LOS ANGELES — Salt Lake City: the gay parenting capital of the United States?
Unexpected as it may sound, a new study finds that the Utah capital and its outskirts have the nation's highest percentage of gay or lesbian couples raising children.
Among couples of the same sex in the Salt Lake City area, more than 1 in 4 are rearing children, the analysis of census data reveals.
That fact may seem at odds with perceptions that San Francisco and New York are the centers of gay and lesbian life. Pop culture depicts gays and lesbians turning to adoption, sperm banks or surrogacy to form families in decidedly liberal cities such as Los Angeles.
But the reality for gay parents can be very different, said Gary J. Gates, the researcher behind the new estimates from the Williams Institute at the UCLA School of Law.
For instance, "a big chunk of them are people who had children young, with opposite-sex partners, before they came out," Gates said. After coming out, they raised those children with a partner of the same sex, he explained.
That may be one reason that in some more conservative places not known for celebrating gays and lesbians, a striking percentage of same-sex couples are rearing children, Gates said. Among states, Mississippi has the highest percentage of gay or lesbian couples raising children — 26 percent — his analysis of census data found.
Though Salt Lake City has a high percentage of gay couples raising children, the actual number is still much smaller than in coastal hubs such as New York or Los Angeles, the data show. Besides the Utah capital, other large urban areas where gay couples are more likely to have children include Virginia Beach, Va., Detroit and Memphis, Tenn. — all places where more than a fifth of couples of the same sex are bringing up kids.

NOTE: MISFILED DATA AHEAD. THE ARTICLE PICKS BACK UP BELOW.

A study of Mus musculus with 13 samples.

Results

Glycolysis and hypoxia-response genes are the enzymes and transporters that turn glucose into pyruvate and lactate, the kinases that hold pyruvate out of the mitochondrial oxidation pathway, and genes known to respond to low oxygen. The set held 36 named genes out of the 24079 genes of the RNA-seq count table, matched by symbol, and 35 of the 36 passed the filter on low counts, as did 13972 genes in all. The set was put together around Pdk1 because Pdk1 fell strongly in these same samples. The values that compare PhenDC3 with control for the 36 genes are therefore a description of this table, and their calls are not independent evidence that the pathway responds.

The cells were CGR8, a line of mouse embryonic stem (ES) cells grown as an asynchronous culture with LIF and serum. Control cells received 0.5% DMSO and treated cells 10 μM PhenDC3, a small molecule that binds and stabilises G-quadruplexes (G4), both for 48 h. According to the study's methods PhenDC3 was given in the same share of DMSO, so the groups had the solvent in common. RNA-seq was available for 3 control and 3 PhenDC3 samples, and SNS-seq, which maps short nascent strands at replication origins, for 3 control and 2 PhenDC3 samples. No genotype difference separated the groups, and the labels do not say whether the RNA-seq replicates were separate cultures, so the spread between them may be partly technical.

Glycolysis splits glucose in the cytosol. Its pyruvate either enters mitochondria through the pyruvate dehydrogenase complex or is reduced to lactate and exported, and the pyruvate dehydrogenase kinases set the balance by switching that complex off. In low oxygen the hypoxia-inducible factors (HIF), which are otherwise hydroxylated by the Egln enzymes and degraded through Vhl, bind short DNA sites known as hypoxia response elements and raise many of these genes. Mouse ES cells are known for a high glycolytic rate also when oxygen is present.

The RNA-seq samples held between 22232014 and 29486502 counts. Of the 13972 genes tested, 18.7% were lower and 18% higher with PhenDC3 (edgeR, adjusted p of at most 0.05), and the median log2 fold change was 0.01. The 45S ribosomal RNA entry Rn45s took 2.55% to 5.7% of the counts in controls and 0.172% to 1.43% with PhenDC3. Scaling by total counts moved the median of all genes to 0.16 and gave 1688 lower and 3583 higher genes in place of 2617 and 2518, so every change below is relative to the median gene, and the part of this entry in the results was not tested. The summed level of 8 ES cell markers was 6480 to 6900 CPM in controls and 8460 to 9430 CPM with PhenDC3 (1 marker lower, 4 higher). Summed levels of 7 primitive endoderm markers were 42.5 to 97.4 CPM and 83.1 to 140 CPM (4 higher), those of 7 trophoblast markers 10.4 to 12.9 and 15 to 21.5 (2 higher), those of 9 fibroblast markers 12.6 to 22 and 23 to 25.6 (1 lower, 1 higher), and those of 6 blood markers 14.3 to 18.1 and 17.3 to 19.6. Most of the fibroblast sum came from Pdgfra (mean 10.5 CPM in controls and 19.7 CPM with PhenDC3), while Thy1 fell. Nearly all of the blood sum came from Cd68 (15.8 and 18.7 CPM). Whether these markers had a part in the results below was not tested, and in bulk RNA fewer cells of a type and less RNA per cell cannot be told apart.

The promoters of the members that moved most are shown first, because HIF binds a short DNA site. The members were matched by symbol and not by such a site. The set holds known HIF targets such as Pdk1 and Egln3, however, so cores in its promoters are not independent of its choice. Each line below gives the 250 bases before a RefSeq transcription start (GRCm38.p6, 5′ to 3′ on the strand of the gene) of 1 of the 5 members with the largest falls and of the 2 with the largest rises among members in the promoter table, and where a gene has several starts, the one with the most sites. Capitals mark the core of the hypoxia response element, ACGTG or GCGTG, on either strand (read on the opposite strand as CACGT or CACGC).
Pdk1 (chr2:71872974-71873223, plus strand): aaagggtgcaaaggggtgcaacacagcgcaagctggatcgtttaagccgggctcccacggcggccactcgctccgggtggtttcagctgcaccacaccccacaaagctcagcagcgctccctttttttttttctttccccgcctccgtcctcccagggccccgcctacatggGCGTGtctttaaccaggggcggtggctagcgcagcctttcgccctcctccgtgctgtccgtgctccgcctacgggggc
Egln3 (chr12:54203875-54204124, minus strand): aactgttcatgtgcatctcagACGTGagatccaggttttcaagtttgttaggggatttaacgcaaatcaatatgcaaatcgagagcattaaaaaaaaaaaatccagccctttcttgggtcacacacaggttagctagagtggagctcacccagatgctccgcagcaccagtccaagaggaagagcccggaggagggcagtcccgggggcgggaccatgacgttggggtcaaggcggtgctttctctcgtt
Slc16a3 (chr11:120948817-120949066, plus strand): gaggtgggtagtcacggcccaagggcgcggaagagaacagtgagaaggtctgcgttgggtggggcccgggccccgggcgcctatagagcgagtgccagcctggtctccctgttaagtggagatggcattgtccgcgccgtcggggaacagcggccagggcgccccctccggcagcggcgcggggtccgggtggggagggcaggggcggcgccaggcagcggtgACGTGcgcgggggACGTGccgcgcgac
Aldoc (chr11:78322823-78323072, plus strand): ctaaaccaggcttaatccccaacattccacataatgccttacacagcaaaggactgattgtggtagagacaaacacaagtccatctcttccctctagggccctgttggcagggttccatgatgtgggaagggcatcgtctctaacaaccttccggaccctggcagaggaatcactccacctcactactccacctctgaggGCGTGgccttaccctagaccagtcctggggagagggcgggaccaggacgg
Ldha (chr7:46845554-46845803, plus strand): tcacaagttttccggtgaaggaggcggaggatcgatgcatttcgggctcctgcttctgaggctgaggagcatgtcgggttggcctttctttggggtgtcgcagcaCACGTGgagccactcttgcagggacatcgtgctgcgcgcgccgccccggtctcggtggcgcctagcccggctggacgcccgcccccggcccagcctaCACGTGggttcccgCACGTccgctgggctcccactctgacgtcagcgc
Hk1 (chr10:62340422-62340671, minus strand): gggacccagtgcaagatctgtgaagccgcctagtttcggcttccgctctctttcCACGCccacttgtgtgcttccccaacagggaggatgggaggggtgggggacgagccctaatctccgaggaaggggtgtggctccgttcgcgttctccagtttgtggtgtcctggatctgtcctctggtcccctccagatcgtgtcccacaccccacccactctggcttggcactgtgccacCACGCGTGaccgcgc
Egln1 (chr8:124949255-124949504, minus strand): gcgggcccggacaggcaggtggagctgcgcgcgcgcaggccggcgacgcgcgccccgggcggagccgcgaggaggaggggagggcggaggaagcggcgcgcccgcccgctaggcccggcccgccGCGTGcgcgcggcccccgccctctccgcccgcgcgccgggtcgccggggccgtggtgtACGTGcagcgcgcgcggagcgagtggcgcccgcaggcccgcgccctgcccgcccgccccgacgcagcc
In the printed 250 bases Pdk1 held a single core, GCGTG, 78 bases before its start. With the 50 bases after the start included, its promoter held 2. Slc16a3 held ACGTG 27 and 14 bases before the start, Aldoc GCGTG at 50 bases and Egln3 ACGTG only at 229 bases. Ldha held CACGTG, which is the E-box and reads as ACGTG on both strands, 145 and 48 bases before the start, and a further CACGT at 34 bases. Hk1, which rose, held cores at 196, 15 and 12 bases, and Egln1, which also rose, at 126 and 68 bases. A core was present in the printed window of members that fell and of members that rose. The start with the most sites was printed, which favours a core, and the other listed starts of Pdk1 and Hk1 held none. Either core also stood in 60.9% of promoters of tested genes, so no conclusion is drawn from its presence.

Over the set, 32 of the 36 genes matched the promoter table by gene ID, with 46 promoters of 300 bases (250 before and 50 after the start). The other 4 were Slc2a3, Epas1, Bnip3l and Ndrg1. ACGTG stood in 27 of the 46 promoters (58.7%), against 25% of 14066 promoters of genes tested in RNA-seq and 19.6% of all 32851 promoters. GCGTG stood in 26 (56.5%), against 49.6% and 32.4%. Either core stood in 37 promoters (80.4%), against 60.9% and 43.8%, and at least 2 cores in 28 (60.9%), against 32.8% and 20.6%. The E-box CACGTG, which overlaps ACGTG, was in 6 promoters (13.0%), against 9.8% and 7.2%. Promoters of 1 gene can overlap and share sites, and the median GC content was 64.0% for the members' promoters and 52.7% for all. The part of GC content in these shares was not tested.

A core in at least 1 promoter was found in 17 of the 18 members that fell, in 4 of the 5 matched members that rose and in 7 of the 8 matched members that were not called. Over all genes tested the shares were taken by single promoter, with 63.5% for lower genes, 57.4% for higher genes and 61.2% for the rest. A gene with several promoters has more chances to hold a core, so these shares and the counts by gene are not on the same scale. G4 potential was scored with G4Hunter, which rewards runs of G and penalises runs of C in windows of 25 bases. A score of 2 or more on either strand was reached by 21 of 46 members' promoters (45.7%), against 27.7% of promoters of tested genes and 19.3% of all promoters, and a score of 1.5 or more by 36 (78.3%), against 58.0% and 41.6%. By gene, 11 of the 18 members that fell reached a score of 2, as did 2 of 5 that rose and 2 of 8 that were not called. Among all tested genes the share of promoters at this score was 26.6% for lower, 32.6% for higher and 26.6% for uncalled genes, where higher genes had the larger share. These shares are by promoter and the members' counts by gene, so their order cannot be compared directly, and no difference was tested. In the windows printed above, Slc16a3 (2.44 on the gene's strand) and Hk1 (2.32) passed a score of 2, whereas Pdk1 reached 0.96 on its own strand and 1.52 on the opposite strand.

The percentages are even higher in some cities with populations less than 1 million. Gates found that in the Visalia and Porterville areas in California, the last census counted roughly 500 gay or lesbian couples, nearly half of whom were raising children.
Among them were Kristin Beasley and Candi Hood, 45 and 44, who joke that their family of eight is "the lesbian Brady Brunch."
The two women, friends long before they became a couple, married men and had children before realizing they were lesbian. After they came out and fell in love, both say they lost jobs and suffered bias while living in Visalia, which they chronicled in a recent book. They now live with the two youngest of their six children in nearby Reedley, where they grow plums and tangerines.
People have asked her, "Why don't you just move to San Francisco?" said Beasley, co-author of "From Privilege to Pride: Love Is the Road." "Our families are here. Our children have grown up here. And the cost of living — it's difficult to raise a family of six in San Francisco."
Even if they weren't married before, gay and lesbian people often choose to have children in seemingly surprising places because they have strong ties to their families, researchers say.
"When you ask, 'Why are you living here?' they almost always say family," said Abbie Goldberg, an associate professor of psychology at Clark University in Worcester, Mass., who has studied gay and lesbian parents in rural areas. "It shouldn't really be surprising. They value family — and now they're creating families of their own."
Activists who support marriage rights for gays and lesbians said the study underscores that many couples are raising children in states where they lack the protections of wedlock.
The inability to marry grates on Matt and Ray Lees, 41 and 44, who live with eight adopted children in the suburbs outside Columbus, Ohio. Some of their children were legally adopted by Matt; others were legally adopted by Ray.
Though both Matt and Ray Lees became custodians of their children, "outside of Ohio that has no weight," Ray Lees said. "If we go on vacation, one of us could be denied the right to make a medical decision for the other's children."
They tote a stack of legal paperwork with them everywhere, just in case they need it.
Reacting to the new study, the National Organization for Marriage said states already provide substantial legal protections to gay couples and their children. The group, which opposes same-sex marriage, said the roughly 111,000 gay and lesbian couples raising children nationwide remain a tiny minority of U.S. households.
"The United States should not redefine marriage to accommodate the demands of this minuscule group of people," Frank Schubert, the group's political director, wrote in an email to The Los Angeles Times.